Whereas the global water community may have reached consensus on the need for water providers to operate on the basis of commercial principles, staff of water utilities are faced with the challenge of implementing these principles in their everyday work. In the everyday domain, these principles appear to directly conflict with the mandate of water operators to provide water services to all. Moreover, the socio-political, economic and bio-physical context in which these water operate may be ill-suited to implement commercialization. In pursuing commercialization these operators adapt, reinterpret, modify, deflect, alter or betray the original principles of commercialization during implementation. This research takes inspiration from the rich literature on policy implementation and policy translation, which argues that policy models need to be transformed and modified if they are to be successfully adopted or implemented. This research analyzes the alterations visible in the daily implementation of commercial models of water provisioning and, in doing so, present a better understanding of how water operators implement policy prescriptions of commercialization in practice. Based on the analysis of the adaptations and (re)interpretations of the implemented model of commercialization in the different cases, this thesis argues that a new way of speaking about commercialization should be developed.
Introduction: financial sustainability and universal services. Commercialization in Water Services Policy models. Policy models - formulation, implementation and change. Methodology and research design. Delegated Management Framework in Small Towns in Mozambique. Commercial Public Utility in Small Towns in Uganda. Community Based Organizations in Small Towns in Indonesia. Talking and Practicing Commercialization.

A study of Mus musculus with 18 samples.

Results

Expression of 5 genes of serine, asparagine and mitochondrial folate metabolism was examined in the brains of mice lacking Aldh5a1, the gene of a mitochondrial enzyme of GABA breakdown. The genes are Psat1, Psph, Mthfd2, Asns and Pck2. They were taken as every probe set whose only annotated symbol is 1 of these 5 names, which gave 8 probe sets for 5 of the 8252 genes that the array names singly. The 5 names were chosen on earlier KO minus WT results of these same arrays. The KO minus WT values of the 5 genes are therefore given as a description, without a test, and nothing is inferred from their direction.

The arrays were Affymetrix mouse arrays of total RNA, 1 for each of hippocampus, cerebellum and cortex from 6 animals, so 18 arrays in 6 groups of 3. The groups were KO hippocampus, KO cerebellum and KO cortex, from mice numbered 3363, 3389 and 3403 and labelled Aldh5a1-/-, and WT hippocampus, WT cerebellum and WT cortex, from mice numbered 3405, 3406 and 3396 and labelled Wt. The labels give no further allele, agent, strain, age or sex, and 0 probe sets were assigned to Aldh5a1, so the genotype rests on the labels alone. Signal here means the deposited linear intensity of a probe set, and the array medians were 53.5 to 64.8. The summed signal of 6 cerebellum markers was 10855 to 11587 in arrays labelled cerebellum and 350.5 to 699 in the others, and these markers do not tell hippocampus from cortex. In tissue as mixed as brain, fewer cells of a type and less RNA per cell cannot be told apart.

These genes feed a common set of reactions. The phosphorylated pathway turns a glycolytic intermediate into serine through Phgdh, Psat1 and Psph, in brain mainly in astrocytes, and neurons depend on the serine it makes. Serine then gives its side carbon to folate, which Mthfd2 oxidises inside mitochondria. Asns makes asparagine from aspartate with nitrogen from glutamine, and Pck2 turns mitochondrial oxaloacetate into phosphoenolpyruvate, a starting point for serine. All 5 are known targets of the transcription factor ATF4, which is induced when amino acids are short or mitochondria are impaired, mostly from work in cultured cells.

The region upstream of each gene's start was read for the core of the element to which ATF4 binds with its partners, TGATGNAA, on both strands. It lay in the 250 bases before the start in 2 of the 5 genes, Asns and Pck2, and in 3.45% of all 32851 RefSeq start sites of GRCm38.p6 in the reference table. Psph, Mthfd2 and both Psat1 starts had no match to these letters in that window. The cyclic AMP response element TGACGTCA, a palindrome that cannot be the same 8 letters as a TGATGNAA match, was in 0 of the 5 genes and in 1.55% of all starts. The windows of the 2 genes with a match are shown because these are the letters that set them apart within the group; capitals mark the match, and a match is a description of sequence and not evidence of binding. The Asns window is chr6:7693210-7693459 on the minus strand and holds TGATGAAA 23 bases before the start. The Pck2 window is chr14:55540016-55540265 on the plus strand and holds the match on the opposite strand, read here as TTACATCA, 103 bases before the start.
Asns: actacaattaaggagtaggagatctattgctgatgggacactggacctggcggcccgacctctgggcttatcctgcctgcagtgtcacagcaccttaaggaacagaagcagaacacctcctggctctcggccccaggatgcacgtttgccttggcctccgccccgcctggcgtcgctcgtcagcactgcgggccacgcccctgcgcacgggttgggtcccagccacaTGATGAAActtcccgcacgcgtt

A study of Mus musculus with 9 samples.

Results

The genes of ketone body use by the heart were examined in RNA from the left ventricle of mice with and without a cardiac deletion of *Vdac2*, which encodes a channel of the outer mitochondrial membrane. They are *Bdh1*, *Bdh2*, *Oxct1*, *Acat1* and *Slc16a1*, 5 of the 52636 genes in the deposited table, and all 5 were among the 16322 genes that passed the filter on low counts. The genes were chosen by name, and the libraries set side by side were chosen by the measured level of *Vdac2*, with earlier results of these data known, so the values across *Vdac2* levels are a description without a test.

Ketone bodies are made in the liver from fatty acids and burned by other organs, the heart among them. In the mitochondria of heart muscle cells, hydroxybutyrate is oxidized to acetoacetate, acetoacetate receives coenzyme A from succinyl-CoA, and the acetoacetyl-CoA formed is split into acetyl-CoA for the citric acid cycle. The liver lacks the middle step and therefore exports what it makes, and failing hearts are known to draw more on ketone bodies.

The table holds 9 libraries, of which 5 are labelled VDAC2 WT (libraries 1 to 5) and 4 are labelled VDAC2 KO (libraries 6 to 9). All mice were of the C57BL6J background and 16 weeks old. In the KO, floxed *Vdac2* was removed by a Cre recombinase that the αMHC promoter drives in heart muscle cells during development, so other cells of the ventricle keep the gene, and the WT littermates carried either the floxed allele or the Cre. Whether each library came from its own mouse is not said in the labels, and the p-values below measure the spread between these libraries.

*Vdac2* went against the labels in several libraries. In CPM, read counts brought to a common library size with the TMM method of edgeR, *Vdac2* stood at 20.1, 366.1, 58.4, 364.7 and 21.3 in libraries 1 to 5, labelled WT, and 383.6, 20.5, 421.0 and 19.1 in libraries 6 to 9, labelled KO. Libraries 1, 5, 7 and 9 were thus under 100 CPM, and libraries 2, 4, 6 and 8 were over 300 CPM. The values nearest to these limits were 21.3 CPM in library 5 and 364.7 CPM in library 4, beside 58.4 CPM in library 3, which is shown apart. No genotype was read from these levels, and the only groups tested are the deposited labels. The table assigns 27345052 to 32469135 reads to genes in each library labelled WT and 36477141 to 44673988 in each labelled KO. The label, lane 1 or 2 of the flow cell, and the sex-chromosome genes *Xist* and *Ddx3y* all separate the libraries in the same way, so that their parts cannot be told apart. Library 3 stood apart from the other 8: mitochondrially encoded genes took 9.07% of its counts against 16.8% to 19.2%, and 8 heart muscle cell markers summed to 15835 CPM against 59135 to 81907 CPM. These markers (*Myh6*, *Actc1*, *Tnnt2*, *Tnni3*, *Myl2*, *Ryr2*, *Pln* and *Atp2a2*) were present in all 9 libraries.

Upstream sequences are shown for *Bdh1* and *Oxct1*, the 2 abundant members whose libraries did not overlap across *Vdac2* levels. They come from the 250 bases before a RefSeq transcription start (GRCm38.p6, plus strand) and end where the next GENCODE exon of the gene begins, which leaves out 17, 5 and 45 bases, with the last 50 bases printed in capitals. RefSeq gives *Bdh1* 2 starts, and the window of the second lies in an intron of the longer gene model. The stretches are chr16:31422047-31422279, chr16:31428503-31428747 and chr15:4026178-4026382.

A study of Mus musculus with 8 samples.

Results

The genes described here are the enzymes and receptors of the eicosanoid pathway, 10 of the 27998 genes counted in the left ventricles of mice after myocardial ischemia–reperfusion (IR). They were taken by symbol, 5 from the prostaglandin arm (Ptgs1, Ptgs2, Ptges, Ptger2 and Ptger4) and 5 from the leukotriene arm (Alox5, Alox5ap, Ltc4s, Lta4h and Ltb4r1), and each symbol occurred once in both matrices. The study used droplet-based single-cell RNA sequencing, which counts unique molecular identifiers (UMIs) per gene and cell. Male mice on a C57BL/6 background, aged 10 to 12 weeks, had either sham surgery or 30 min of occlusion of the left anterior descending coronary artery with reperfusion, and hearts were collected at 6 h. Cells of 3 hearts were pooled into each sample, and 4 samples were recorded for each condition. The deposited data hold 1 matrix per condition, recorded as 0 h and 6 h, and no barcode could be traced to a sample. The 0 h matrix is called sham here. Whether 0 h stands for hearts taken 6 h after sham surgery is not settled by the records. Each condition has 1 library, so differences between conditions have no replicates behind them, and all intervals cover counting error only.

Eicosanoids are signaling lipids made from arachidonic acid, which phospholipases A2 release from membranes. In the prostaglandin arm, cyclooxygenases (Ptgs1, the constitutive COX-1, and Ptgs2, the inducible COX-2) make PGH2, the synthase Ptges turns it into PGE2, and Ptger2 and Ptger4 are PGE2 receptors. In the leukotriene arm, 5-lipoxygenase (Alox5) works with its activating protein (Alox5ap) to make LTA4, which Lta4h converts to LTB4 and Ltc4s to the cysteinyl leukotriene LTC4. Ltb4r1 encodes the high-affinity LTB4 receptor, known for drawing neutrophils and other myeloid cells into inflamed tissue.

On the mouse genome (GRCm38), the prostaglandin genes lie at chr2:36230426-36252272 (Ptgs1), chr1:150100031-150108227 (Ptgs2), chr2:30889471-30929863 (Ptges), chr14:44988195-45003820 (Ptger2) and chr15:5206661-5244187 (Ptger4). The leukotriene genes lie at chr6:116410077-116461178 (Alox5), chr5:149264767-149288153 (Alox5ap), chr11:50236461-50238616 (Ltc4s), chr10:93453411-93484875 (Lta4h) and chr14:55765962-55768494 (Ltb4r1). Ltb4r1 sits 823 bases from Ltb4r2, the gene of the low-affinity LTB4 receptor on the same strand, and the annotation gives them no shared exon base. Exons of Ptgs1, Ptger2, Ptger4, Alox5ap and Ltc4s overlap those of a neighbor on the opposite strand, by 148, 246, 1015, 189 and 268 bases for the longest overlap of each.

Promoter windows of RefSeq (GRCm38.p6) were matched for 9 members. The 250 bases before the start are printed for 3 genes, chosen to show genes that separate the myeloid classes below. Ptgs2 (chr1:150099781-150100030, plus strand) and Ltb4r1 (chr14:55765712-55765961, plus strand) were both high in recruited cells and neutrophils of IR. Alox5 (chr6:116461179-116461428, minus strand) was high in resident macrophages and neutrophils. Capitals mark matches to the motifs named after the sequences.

IHE Delft PhD programme leads to a deepening of a field of specialisation. PhD fellows do scientific research, often with conclusions that directly influence their region. At IHE Delft, PhD researchers from around the world participate in problem-focused and solution-oriented research on development issues, resulting in an inspiring research environment. PhD fellows work together with other researchers from many countries dealing with topics related to water and the environment.
PhD research is often carried out in the ‘sandwich’ model. Preparation and final reporting – the first and last portion of the programme – are carried out in Delft, while actual research is done in the fellow’s home country, under co-supervision of a local institute. Regular contacts with the promotor are maintained through visits and long-distance communication. This enables researchers to employ solutions directly to problems in their geographical region.
IHE Delft PhD degrees are awarded jointly with a university. The degrees are highly valued and fully recognised in all parts of the world.